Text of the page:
Dear Bishop Tom,

Recently, I visited the church of my baptism in Tullamore. It was good to be back in my home turf. I am, of course, aware that Tullamore is canonically within the Diocese of Meath. And, I am further aware that some of your priests (but not all) are very happy to extend a cordial welcome to the Ordinary of Larne when I visit the area entrusted to your pastoral governance.

By virtue of my baptism, I am intrinsically and ontologically connected to the Diocese of Meath, so I was very concerned to read that you are selling some the diocese estate. Like many Irish bishops I appreciate that you are facing tough decisions in order to balance the books. However, I do wonder are you making the right choice?

Is the selling of the land the worst form of short-termism? Would you, my brother Bishop Tom, be better to adopt a wait-and-see approach? After all, the finances of the diocese might experience an upturn, although, I accept that is unlikely! However, do you not think adopting a wait-and-see approach might be more prudent approach? Are you being advised by people that have the best interests of the diocese at heart?

In order to be helpful, I am going to make a suggestion that I respectfully suggest you should carefully consider.

You could render a Decree ordering the monks of Silverstream Priory to celebrate the Divine Office in English, i.e., prohibiting the use of Latin in all liturgical services. You should further insist that the Eucharist is celebrated utilising the New Rite of the Mass, i.e., the missal of Paul VI. Such a Decree would be giving effect to the wishes of His Holiness Pope Francis.


Of course, that would create anarchy within Silverstream Priory. And, if they did not comply in obedience to your Decree, you could petition the Holy See for a Decree of suppression. How about that for an idea?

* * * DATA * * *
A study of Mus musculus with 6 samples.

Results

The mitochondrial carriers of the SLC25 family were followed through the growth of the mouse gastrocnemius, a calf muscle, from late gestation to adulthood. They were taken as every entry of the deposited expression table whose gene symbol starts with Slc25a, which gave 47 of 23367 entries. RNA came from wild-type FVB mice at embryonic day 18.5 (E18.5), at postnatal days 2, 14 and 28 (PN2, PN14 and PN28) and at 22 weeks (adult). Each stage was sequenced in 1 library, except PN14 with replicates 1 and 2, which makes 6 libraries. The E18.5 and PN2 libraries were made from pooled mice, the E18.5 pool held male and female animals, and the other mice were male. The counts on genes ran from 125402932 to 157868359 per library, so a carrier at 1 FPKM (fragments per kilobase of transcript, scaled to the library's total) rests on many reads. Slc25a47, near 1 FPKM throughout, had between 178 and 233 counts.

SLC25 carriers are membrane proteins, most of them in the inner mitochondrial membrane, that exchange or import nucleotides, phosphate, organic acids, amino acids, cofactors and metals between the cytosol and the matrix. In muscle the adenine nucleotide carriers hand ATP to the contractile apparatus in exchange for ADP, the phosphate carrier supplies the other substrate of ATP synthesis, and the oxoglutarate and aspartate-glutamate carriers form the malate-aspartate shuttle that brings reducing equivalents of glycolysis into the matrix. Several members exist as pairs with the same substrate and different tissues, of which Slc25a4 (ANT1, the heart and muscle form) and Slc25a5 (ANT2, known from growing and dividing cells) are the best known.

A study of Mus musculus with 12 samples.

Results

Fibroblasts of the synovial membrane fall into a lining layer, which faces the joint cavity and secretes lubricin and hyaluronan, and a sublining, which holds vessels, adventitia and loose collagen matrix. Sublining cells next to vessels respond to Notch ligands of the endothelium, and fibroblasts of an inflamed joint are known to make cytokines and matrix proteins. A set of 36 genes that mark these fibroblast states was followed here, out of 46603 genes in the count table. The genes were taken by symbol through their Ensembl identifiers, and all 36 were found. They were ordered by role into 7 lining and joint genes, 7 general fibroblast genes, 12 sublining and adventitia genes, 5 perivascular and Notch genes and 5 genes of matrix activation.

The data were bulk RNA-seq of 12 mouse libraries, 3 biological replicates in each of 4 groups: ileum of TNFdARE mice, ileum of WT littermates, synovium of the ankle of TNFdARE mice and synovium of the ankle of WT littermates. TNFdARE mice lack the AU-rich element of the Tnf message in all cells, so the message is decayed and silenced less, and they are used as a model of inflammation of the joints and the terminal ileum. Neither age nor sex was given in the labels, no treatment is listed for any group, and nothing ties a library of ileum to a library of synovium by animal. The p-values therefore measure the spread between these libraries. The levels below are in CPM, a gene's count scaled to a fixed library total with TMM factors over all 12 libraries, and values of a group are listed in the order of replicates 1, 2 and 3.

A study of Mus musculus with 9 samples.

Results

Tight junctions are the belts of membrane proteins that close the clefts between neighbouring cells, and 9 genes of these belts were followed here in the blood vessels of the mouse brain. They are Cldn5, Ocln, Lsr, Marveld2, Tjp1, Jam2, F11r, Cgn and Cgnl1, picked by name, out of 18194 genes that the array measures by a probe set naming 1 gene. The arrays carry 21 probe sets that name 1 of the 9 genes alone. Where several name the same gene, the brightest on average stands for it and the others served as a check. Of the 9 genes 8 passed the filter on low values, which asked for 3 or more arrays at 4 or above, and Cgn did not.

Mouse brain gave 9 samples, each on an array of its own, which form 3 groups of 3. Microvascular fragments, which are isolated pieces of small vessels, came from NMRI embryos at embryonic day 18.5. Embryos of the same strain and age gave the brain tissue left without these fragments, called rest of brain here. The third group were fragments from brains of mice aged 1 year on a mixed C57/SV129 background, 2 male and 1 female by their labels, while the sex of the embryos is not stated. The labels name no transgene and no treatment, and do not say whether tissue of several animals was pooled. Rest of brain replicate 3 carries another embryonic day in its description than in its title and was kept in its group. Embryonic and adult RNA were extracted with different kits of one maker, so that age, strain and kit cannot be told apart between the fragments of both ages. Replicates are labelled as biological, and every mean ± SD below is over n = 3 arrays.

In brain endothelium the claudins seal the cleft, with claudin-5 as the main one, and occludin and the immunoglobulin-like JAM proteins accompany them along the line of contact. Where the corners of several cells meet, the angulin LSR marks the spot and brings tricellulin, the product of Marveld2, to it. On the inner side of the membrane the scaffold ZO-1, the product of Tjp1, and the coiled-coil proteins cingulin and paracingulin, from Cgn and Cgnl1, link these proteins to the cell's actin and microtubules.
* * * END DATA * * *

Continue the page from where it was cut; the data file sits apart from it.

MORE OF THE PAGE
Once Silverstream had been suppressed then the legal title to the property and the lands that constitute Silverstream Priory would pass to the Diocese of Meath. It is prime land that is ripe for development. In fact, the sale of the land could make the diocese a handsome profit.

This would have a twofold advantage: a) it would remove a major headache that you inherited from your predecessor, Bishop Michael Smith; and, b) I am sure you would take great delight in removing what has been a rich seam of content for my blog.

Of course, if that did become a reality, I am sure you would have no problem in utilising the profits from the sale of the lands at Silverstream to assist with the building of five houses for the poor.

With prayerful best wishes,

Your brother bishop,





“We are left wondering if in reality the permanent diaconate is being introduced by stealth,” said one parishioner.

Members of the laity have accused the Diocese of Killaloe of a “breach of trust” over the ministry of permanent deacons which remains on hold in the west of Ireland diocese.

Plans to train laymen for the ministry were paused in 2014 by the then Bishop of Killaloe, Kieran O’Reilly, following protests by a group known as the Women of Killaloe.

They argued that the role of the permanent deacon is unnecessary as most of its functions can be carried out by a layperson. They also believe that if it is introduced, it should be open to women and men, as it was in the early Church.

Bishop Fintan Monahan succeeded O’Reilly, now Archbishop of Cashel and Emly, in 2016.

However, despite the pause on recruiting permanent deacons in Killaloe, it subsequently emerged that one man from the diocese had already begun training for the diaconate before the reintroduction of the ministry was halted.

The Tablet has learned that a number of lay people in Killaloe are now concerned that this permanent deacon, who was ordained for the Diocese of Cloyne, is ministering publicly in Killaloe, including at liturgies in the cathedral in Ennis, undermining the agreement reached between the diocese and its people.


The offices of Deacon and Deaconess are as old as Christianity.

The three Holy Orders are deacon priest and bishop.

What is all this fuss about in Killaloe?

The previous bishop seems to have halted the ordination to the permanent diaconate as the result of protestations by Women of Killaloe?

Who are Women of Killaloe?

Are they a group of women seeking woman’s ordination?

How does stopping male permanent deacons help their cause?

I am in favour of women’s ordination.

I ordained a woman to the priesthood 24 years ago – Mother Frances.


Now in her 90s she is still on ministry

With the disappearance of priests the RCC needs more deacons.

Surely the Women of Killaloe should be campaigning for women’s ordination?

In 2016 Francis convened a study of the role of Deaconess.

It does not seem to have reported yet.

There will be women priests and deacons in the future – alongside married priests.

Maybe even eventually openly gay married priests.